Landowners in the wind-rich Upper Plains are joining forces to gain better -- and bigger -- business deals for locally produced power.
It’s how the United States of America won the Revolutionary War. And two Omaha, Nebraska, lawyers say that Midwest landowners can succeed with the same strategy.
Ron Comes and Steven Case, with McGrath North Mullin & Kratz, have been involved in organizing landowners and other groups to negotiate more favorable arrangements with utilities and wind companies for the siting of turbines.
The basic principle: “An individual acting on his own behalf has no bargaining power,” Comes said.
Many Iowans live in places with ideal wind patterns for turbines. As wind energy develops at a breakneck pace, many landowners, acting as if they have won a lottery of sorts when a utility or wind company knocks on their door, sign up quickly for the deals as presented, not realizing they may be able to negotiate.
Signing up might be a fine option for some people, Comes said. But with a raft of federal incentives, as well as growing political favor for higher renewable energy standards, Iowans are in a position to organize and work for better deals.
Comes said that, by a conservative estimate, a 1.5 megawatt wind turbine brings $184,000 in revenue annually. Tax incentives drive most of the investment.
Landowners who strike better deals can be “getting a little bit more of the action that’s coming in at that level,” Comes said.
Some landowners may do well for themselves by signing individual leases for placement of turbines on their property, Comes said. Alternatively, he said, landowners can organize, perhaps as townships or in other groups to work with wind energy developers or utilities, entities that will likely be chasing more arrangements in the Midwest in coming years.
“We’ve got the land,” attorney Steven Case said. “We’ve got good wind. We bring that to the table.”
There is potential beyond smaller-scale projects, Comes said. Landowners can form groups and seek out wind energy companies for utility-sized deals.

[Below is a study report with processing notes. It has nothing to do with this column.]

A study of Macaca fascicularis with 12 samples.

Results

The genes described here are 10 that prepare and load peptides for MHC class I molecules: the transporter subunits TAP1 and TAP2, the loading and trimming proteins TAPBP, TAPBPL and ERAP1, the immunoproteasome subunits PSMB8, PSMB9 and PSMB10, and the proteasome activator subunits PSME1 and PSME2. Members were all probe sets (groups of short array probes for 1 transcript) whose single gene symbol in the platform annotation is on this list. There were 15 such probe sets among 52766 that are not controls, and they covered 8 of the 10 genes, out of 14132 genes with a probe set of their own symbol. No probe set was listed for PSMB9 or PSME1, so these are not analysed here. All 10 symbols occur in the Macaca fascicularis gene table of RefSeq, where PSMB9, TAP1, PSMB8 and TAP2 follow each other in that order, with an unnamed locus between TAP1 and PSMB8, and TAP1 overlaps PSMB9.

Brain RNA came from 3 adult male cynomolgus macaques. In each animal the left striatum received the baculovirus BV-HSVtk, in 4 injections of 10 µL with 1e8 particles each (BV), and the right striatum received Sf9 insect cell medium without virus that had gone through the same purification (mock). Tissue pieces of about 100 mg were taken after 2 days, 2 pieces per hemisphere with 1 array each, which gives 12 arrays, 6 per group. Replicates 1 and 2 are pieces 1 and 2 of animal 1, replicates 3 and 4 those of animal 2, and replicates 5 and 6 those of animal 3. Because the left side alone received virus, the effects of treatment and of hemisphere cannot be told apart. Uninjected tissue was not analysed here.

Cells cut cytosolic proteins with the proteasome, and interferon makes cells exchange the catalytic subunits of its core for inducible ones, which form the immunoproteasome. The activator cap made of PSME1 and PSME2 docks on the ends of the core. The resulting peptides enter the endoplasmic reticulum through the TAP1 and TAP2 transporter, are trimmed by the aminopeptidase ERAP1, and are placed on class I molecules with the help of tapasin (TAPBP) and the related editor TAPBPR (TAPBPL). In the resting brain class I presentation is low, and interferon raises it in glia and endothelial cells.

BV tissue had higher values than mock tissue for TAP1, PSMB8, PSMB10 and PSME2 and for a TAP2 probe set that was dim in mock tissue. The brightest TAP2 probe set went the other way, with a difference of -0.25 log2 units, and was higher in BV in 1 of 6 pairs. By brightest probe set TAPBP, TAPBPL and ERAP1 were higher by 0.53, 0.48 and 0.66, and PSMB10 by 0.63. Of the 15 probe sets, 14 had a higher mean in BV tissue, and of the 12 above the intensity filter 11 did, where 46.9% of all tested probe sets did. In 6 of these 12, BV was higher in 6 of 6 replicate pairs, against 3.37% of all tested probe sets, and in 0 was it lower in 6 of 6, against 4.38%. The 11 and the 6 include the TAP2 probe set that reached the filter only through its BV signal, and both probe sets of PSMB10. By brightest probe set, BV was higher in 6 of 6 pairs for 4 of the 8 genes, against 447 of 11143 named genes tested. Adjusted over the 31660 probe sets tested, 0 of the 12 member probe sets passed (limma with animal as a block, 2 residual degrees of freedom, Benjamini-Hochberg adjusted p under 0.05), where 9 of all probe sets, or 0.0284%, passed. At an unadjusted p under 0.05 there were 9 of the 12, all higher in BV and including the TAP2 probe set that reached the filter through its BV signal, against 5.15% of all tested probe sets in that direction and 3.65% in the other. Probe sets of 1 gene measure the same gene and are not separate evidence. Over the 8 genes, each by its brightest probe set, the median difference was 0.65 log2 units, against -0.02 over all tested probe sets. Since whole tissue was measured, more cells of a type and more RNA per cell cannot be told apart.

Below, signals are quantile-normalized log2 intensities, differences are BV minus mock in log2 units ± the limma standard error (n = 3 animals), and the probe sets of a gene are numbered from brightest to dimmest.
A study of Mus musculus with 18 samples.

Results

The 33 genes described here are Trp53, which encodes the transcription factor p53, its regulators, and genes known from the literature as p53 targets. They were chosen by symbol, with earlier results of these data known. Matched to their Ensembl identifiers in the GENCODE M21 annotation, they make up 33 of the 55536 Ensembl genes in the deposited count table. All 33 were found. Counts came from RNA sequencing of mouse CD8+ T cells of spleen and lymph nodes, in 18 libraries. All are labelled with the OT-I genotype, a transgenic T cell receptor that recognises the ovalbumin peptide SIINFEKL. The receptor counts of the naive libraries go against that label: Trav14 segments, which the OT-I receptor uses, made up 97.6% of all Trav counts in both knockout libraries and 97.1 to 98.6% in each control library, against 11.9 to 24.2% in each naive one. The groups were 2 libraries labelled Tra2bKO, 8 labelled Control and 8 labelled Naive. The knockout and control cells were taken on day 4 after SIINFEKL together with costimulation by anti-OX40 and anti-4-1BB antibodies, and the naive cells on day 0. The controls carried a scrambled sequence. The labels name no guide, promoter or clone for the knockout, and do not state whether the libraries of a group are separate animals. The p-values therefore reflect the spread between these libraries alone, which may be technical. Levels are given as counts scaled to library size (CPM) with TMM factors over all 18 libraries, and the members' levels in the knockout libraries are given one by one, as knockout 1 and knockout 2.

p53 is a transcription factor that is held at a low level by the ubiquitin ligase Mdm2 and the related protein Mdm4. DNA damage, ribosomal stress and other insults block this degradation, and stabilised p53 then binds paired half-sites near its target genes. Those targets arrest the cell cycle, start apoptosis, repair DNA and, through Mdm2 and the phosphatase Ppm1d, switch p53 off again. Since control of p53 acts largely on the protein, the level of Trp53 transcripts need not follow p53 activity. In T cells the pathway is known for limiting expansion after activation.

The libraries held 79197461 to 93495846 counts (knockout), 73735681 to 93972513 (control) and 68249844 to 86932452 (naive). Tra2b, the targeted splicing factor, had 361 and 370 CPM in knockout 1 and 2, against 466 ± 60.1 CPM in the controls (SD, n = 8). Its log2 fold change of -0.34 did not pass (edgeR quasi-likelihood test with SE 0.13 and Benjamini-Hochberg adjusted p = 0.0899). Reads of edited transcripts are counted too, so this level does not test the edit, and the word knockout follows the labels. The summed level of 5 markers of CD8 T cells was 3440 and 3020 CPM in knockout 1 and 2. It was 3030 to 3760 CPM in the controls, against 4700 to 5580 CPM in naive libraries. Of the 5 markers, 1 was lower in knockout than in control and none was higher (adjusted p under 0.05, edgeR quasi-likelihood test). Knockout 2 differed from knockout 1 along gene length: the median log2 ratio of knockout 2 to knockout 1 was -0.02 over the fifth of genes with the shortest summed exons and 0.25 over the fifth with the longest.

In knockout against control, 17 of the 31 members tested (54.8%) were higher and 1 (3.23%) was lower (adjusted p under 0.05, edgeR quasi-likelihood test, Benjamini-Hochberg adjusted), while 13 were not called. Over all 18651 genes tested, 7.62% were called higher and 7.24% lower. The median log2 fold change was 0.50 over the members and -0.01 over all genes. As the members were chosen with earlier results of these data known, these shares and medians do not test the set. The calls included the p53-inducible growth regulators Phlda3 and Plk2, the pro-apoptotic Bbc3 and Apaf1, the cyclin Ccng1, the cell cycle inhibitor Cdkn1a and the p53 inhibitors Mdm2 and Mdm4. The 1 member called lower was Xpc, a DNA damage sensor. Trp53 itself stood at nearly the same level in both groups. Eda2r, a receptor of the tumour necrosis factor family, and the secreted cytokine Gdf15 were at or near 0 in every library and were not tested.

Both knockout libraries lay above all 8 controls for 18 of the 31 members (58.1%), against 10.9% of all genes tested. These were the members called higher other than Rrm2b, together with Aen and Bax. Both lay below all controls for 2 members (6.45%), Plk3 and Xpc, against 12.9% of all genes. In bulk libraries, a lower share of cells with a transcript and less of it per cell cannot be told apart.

“Now we’re starting to see some really big community projects,” Comes said, for example, Dakota Wind Energy, LLC, in northeast South Dakota.
This project, expected to involve 500 wind turbines and create 750 megawatts of wind power over three counties: Roberts, Day and Marshall. Projections call for enough power to be created for 220,000 homes. There is significant local ownership in Dakota Wind Energy, so that much of the investment and profits stay in the area; in many arrangements, wind companies and utilities pay a limited lease to landowners and send much of the money to out-of-state investors.
Dakota Wind Energy is just one of 13 community-based energy projects under the umbrella of Minneapolis-based National Wind.
Typical lease arrangements for placement of a 1.5-megawatt turbine on property run between $6,000 and $9,000 a year, says Erin Edholm, director of communications for National Wind.
But with a community wind project, landowners pull more profit — as much as 10 times, she said.
Why? “The short answer is, you get a share of the profits from the wind farm,” Edholm said, plus the lease.
For the South Dakota project, the company is working with about 400 landowners over the three counties. Once they sign an agreement for wind rights, landowners can choose to apply an upfront cash payment for those rights to equity in the project. Residents from the project-area can also purchase equity in the National Wind development, which essentially functions as a cooperative.
Edholm said that National Wind concentrates on working with communities in a collective effort rather than approaching landowners one by one with contracts.
Steven Case said that as federal and state governments mandate higher percentages of renewable energy, more companies will come to Iowa to develop projects.
Offshore turbines will have some success, but most wind energy will be developed on land, Case said. “The majority of it is going to be in the middle of the country,” he said.
He expects mandates for more renewable energy sooner rather than later. “I think something is going to get passed,” Case said. “You have a Democratic president. You have a Democratic Congress.”
One financing structure that may work well in certain cases for local people and developers is called “the flip.” In this arrangement, the developer, usually backed by an investor seeking the large federal tax credits, will take 99 percent of the profits for the first 10 years to get the tax advantage. Once the tax advantages have been realized, the profit percentages flip in favor of the landowner.
Additionally, there are U.S. Department of Agriculture loans and grants available for wind projects, including money for initial studies.
By blending government programs with investors’ appetites for tax credits, and by organizing themselves, groups of rural residents may be able to take on large-dollar energy projects.